Bees And Their Honeycombs
Other than producing honey, honeycombs are also another product that bees produce. It may seem unassuming, but honeycombs can be utilized in many different ways. Learn how honeybees form these hexagonal cells and fill them with honey, as well as how the honeycomb can be used!
What Is A Honeycomb?
The honeycomb is a cluster of repeating hexagonal beeswax cells. These cells then fill the whole interior of the honey bee beehive. These little cells store many things, such as the bee larvae, honey and pollen.
How Is Beeswax Produced?
The honeycomb is completely made of beeswax, produced by the honey bees of the genus Apis. Worker bees that are younger than 18 days old are the best wax producers. During this time, a bee secretes beeswax from eight special glands located on its abdomen. The wax comes out colourless and quite brittle. After 18 days, these glands begin to atrophy. The beeswax is secreted from eight glands that have openings on their lower abdomen.
The bee then uses its legs to move the wax from its abdomen to its mouth where it starts to chew on it, adding saliva that softens it up. During the process, the beeswax picks up bits of honey, pollen, and propolis which darkens its colour. The soft and pliable material can ow be shaped to form the hexagonal honeycomb.
After each cell in the honeycomb is filled, the cells are covered with beeswax. Worker bees flit their wings rapidly to allow the material to dry, forming a seal over the honey. This keeps water out of the honey, preventing the honey from spoiling and fermenting.
Can Honeycomb Be Eaten?
Yes! Honeycomb can be eaten. Given that the honeycomb is merely made of wax, there is not much nutritional benefit in the honeycomb. However, the pure, raw honey stored inside the honeycomb is where the health benefits are found. Learn more about the health benefits here! The benefit of having honey from the comb is that it is not exposed to air. Honey exposed to air holds around 12% more water than honey left sealed in the comb. This makes honey that comes directly from the comb the most concentrated and purest form of the nutritional stuff!
How Beeswax Is Collected
Typically, beeswax is collected at the same time that honey is collected. Beekeepers will carefully remove the beehive frames that are filled with honey and sealed with beeswax. Next, the first layer of wax covering the honeycomb is removed, exposing the raw honey inside. The frames are then placed in a centrifuge, where the honeycomb is spun, allowing the honey and beeswax fragments to be extracted from the comb. The honey is filtered, and the raw beeswax is collected. The wax is then boiled and filtered to remove any impurities. What’s left is pure beeswax! Beeswax can be used for several things.
How To Use Beeswax
#1 Eat it!
Honeycomb and the honey within it can be easily paired with various types of cheeses. What’s more, is that having a piece of honeycomb on your cheeseboard looks fancy and elegant and seems like you put in a lot more effort than you actually did!
#2 Make Reusable Beeswax Wraps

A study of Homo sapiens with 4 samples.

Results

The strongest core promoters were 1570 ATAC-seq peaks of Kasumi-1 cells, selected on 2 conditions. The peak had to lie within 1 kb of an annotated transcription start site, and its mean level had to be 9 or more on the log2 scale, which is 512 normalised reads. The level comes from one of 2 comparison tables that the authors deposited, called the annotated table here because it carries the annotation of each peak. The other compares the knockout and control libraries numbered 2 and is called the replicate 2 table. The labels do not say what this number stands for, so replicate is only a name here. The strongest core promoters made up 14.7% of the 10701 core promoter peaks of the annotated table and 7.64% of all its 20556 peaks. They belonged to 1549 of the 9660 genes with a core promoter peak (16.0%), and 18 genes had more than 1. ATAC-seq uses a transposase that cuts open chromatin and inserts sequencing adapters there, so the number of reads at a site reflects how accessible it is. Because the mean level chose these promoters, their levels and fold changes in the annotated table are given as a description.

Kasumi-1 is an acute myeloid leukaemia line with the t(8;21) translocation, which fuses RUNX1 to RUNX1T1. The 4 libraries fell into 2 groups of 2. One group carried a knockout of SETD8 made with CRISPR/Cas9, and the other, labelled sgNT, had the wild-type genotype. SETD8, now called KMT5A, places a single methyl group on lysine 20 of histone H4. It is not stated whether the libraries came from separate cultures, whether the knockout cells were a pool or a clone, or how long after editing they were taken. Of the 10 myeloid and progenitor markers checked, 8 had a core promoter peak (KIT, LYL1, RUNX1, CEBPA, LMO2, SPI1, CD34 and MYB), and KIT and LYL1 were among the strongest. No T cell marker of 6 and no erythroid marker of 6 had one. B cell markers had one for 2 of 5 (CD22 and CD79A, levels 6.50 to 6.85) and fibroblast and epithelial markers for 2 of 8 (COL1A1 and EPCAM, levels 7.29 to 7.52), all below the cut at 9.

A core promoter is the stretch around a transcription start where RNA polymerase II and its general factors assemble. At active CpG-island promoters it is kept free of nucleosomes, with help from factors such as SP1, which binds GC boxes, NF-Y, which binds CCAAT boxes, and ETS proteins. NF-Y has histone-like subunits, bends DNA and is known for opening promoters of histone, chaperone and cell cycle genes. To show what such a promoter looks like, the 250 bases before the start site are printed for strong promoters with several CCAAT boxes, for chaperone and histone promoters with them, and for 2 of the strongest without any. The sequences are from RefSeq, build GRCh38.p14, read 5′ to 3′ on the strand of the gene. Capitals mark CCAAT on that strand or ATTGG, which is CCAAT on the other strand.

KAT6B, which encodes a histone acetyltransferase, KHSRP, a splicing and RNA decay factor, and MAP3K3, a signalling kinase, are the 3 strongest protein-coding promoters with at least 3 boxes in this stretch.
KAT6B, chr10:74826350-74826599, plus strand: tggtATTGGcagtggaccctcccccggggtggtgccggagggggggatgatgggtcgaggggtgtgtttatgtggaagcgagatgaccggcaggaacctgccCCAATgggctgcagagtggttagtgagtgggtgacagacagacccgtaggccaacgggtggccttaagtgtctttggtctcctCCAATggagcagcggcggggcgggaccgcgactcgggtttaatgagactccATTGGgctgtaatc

This reusable alternative is much better for the environment, as compared to their plastic counterparts.
- 100 per cent cotton fabric, organic if possible
- 35 oz. sustainably sourced pine resin
- 25 oz. beeswax pastilles or grated beeswax
- 1 Tbsp. organic jojoba oil
- Large popsicle stick or other compostable stirrers
- Parchment paper
- Dedicated paintbrush
- Wash and dry fabric.
- Cut fabric into desired shapes and sizes.
- Place pine resin, beeswax, and jojoba oil in a double boiler or glass measuring cup and set in a saucepan.
- Add water to the saucepan until the mixture inside the double boiler or measuring cup is below the waterline. Turn burn to medium-high heat.
- Preheat oven to 300° F.
- Allow ingredients to melt and meld together for about 20 to 25 minutes.
- Cover a large cookie sheet with a sheet of parchment paper larger than your biggest piece of fabric.
- Spread a fabric piece (or pieces, depending on size) flat on parchment paper.
- Brush mixture lightly onto fabric. It might solidify, which is fine, as you’ll be able to redistribute later. It’s easy to oversaturate, so remember that it’s easier to add more than taking the excess away.
- Put the cookie sheet in the oven for 2 minutes, or until the fabric looks wet.
- Remove from oven and look for any dry spots. Brush mixture over these uncovered areas, applying more coating as needed. If you notice unevenness after adding more, you can place it back in the oven for a few minutes to smooth.
- Place the next wrap(s) you are going to make on top of the finished fabric to soak up any excess coating mixture. Work quickly, as you don’t want the wax to begin to solidify.
- Once you’ve pressed any excess onto the new cloth, peel apart and hang your completed wrap(s) to dry. Drying only takes a few minutes.
- Repeat steps with additional pieces of fabric until you are out of the coating mixture.
We hope this article has allowed you to appreciate the importance of the honeycomb in the process of producing honey. Interested in grabbing a jar? Check out the links down below.